What Counter Offers Really Mean in Today’s Economy

By Sandra Nadeau Gifford, Client Account Coordinator


The greatest challenge, however, for executive recruiting firms in the present economy is the increase of counter offers given to employees by the companies they are intending to leave. In a recent poll conducted by Top Echelon Network, 23% of recruiters reported a high level of increase in counter offers, with another 35 % reporting some increase in counter offers. That’s a staggering 58% increase. Candidates and recruiting firms are investing valuable time and money in pursuit of filling an executive position yet in many cases, the successful candidate chooses to remain with his/her current employer and the search firm is required to do more work. The question to consider is does remaining with an employer due to a generous counter offer serve the best interest of the individual. Statistics strongly support that it is not.  According to US News and World Report, 70 – 80% of employees who take the counter offer and remain with their company either leave or are let go by their employer within 12 months. The reason is simple: once an employer views an individual as being disloyal or not a team player, it is inevitable that they will find someone to replace that individual. Employers initially scramble to keep talented executives, not wanting to create a void in their management ranks, but will start planning to hire a replacement.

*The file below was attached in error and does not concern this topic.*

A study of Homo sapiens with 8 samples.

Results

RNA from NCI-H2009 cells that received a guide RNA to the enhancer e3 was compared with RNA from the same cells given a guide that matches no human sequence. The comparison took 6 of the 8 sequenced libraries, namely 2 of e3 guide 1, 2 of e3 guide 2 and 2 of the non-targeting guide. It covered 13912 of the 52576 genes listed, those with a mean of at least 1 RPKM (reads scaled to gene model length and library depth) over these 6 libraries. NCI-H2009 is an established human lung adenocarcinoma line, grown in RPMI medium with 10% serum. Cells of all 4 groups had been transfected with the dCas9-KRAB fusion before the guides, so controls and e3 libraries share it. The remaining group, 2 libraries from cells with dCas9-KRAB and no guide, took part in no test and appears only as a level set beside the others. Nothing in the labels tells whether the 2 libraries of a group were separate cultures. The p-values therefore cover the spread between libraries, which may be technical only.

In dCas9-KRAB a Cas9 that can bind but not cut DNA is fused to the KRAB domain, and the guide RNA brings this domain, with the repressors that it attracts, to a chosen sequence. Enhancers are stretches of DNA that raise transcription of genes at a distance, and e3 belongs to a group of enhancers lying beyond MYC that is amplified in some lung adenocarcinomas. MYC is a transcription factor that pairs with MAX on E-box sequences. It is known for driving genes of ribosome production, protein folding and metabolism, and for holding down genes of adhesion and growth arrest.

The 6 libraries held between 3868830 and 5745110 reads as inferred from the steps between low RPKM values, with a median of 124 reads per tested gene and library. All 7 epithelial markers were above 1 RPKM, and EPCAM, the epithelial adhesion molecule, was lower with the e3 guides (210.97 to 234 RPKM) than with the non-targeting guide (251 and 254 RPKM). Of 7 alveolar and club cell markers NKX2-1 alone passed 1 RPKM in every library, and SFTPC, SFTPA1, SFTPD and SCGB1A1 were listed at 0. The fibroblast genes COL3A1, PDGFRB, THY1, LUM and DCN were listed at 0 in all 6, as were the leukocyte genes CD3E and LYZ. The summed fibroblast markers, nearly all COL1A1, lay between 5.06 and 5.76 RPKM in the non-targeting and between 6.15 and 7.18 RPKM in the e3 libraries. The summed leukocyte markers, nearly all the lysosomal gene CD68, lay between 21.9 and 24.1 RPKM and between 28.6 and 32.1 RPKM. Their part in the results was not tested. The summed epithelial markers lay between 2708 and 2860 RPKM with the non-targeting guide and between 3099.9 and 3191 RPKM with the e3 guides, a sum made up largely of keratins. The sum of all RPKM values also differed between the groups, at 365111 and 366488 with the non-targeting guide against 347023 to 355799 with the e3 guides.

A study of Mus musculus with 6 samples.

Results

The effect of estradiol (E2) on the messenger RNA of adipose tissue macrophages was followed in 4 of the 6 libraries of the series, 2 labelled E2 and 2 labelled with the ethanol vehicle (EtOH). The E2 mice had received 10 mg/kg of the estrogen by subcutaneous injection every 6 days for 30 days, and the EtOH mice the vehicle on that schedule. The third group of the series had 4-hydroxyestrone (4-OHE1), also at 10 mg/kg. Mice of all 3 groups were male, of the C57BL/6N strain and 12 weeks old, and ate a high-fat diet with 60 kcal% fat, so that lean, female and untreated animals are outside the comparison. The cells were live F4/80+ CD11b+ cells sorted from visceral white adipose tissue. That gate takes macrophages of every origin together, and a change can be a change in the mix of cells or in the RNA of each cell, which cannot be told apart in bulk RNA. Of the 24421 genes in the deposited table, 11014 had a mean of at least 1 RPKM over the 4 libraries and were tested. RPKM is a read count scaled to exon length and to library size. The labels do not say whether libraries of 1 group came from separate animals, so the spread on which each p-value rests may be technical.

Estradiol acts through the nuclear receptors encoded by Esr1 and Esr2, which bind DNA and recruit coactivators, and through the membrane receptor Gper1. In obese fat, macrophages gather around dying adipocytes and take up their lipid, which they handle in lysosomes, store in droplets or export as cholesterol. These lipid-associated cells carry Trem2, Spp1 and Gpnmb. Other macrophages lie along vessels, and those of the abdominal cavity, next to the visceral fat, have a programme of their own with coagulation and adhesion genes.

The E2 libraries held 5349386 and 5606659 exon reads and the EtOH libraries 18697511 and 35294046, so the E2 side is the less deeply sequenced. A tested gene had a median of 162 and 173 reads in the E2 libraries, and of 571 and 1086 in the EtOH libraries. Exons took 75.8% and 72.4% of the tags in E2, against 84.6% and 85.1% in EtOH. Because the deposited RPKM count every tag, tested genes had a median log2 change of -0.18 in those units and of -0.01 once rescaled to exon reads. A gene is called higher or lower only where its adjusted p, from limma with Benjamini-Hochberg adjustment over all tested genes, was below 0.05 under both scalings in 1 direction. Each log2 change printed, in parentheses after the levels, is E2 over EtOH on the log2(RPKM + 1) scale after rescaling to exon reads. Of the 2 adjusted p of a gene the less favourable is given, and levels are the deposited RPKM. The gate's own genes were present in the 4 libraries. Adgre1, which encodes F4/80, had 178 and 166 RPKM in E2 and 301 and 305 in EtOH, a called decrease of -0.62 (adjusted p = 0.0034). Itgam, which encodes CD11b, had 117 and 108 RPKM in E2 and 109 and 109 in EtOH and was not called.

Firms must today be better prepared for counter offers by addressing the issue upfront, before either side becomes too invested in the search process. Job searches should not be used as leverage for a raise or a promotion. Recruiting firms need to inform prospective candidates that they most likely will receive a counter offer from their employer and to prepare for it. Candidates need to keep in mind the reasons that originally motivated them to search for a new position and understand that accepting a counter offer will not change their work environment or fix a company’s financial position. Furthermore, prospective executives must have realistic expectations and realize that most employers will not compensate for loss of equity as part of their offer package. Candidates should consider all aspects of a job transition before forging ahead with the search process, such as the financial ramifications of relocation, including negative equity in their homes, and factor in any possible losses into compensation negotiations rather than as a separate request. In today’s economy, counter offers are more and more prevalent and will continue to affect the dynamics of an effective search process. While today’s economic climate makes the recruiting process more challenging, at the end of the day, the goal remains the same: Recruiting firms seek to place the best candidate for their client, and executives aspire to find an opportunity that best meets their professional objectives.